We'll begin NPR's business news with collapsing currencies.
Over the past several months, the focus of financial markets has been the Federal Reserve's plan to phase out or taper some of the extraordinary measures it has taken to stimulate the economy.
Just the idea that the Fed might start dialing back on stimulus spending is rippling through financial markets overseas. For instance, investors who once poured money into emerging markets, like Brazil and India, are suddenly much more cautious.
Originally published on Mon August 26, 2013 4:06 am
The problems were triggered when the Federal Reserve said it would soon ease bond buying. Renee Montagne talks to Amy Kazmin, a correspondent for the Financial Times in New Delhi, about the troubles with India's economy.
Muriel "Mickie" Siebert bought a seat on the exchange in 1967 and was also the first woman to head one of its member firms. She died Saturday in New York at age 80. The cause was complications of cancer.
And a fire that started just outside of Yosemite National Park - here in California - is becoming one for the record books. It has raced through overgrown forest, doubling and tripling in size; crossed into Yosemite. And now, at more than 140,000 acres, it's bigger than the city of Chicago. Plus, it's still growing.
Thousands of firefighters are pitted against the fire, with more on the way; and thousands of residents have been evacuated. NPR's Nathan Rott is there, and he sends us this report.
If 60 is the new 50 and 50 the new 40, well, what then is 97? Veteran bird guide Karl Haller is busy redefining what it means to be just shy of a century. He's been counting birds and teaching the art of bird watching at the Hagerman National Wildlife Refuge in North Texas for over 50 years.
His student this time: NPR's Wade Goodwyn.
WADE GOODWYN, BYLINE: A cool breeze is blowing off Lake Texoma and into the Hagerman National Wildlife Refuge.
KARL HALLER: Well, it could be. Yeah. We'd only...
The good news: Cigarette sales are down by about a third over the past decade. Not so for little cigars and cigarillos. Their sales more than doubled over the same time period, in large part owing to the growing popularity of these little cigars among teenagers and 20-somethings.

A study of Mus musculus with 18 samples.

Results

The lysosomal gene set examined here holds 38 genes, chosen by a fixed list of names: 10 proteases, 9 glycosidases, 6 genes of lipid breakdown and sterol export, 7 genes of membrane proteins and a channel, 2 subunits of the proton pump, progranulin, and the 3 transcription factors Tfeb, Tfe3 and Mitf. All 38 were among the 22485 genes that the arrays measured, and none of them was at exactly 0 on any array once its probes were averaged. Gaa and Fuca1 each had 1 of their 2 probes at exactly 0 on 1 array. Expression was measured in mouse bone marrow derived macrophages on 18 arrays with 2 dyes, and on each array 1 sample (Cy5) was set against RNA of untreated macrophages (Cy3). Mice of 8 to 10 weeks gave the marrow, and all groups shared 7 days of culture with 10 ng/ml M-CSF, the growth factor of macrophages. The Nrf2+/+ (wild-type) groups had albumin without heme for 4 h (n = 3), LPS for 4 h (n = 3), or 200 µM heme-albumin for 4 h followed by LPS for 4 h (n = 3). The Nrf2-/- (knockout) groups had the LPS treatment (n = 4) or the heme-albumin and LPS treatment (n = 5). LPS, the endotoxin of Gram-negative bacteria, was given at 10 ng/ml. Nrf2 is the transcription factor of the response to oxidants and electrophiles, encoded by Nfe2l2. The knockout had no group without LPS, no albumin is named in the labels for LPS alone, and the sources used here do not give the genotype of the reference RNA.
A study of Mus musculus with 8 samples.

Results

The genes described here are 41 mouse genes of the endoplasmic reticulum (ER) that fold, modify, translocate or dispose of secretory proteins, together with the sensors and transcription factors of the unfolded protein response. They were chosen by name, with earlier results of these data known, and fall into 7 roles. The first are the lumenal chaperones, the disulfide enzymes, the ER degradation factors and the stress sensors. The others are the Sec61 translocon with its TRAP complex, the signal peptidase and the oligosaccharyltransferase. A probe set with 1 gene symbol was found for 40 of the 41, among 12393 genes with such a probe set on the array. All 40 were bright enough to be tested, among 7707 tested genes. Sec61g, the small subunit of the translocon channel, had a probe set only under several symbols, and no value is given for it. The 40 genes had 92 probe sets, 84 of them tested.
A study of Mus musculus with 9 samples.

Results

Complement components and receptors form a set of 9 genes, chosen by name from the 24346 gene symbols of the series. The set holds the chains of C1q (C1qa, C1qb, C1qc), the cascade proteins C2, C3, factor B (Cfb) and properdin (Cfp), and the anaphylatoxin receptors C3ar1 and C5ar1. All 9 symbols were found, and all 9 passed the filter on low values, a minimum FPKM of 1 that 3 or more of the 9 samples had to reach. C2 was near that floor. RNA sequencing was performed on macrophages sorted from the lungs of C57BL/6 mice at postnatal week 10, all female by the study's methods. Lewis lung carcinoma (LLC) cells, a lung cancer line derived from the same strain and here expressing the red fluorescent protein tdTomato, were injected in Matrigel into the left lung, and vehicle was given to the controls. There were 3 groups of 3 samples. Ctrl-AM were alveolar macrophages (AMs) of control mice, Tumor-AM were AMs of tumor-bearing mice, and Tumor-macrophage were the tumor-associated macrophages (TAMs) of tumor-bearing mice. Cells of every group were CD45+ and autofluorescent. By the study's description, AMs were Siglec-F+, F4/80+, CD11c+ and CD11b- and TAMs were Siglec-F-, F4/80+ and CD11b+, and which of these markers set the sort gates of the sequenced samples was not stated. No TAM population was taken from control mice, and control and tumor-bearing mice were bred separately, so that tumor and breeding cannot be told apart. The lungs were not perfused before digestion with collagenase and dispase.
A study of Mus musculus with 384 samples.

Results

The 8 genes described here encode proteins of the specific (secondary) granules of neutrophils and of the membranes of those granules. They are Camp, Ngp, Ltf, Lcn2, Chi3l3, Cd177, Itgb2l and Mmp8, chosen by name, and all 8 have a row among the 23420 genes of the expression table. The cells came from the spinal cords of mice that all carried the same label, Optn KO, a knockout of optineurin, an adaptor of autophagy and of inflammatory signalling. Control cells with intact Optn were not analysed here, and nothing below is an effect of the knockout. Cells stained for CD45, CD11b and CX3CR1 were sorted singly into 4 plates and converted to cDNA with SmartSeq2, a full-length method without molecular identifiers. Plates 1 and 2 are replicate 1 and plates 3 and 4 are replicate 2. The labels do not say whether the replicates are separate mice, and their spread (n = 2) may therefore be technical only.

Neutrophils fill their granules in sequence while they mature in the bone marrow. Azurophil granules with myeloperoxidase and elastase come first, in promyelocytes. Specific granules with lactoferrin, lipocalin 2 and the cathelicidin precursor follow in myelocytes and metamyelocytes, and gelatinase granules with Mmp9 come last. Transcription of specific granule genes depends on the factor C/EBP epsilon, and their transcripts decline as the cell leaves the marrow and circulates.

The appeal among young people has lots to do with the large variety of candylike flavors in the little cigars, according to Jennifer Cantrell, director of research and evaluation at the anti-tobacco Legacy Foundation.
Afghanistan and Pakistan are better known for their verbal fights and occasional border clashes, but for the first time since 1976, they battled on a soccer field in Kabul.
Some 6,000 rabid Afghan fans cheered on their team, clad in red uniforms. There were horns, flags, and face paint. It looked like any soccer game in the world, except for all the riot police, snipers, and Blackhawk helicopters passing overhead periodically.
Ahmad Mirwais, a 27-year-old tailor, was one of those lucky enough to score a ticket.
Katie Doderer is a very poised 15-year-old with short blond hair and a wide smile. She's a straight A student who loves singing, dancing and performing in musicals.
This could be considered something of a miracle.
"I have a complex medical condition known as congenital central hypoventilation – blah—syndrome. CCHS," Katie explains, stumbling on the full name of her malady. "Basically my brain doesn't tell me to breathe. So I am reliant on a mechanical ventilator."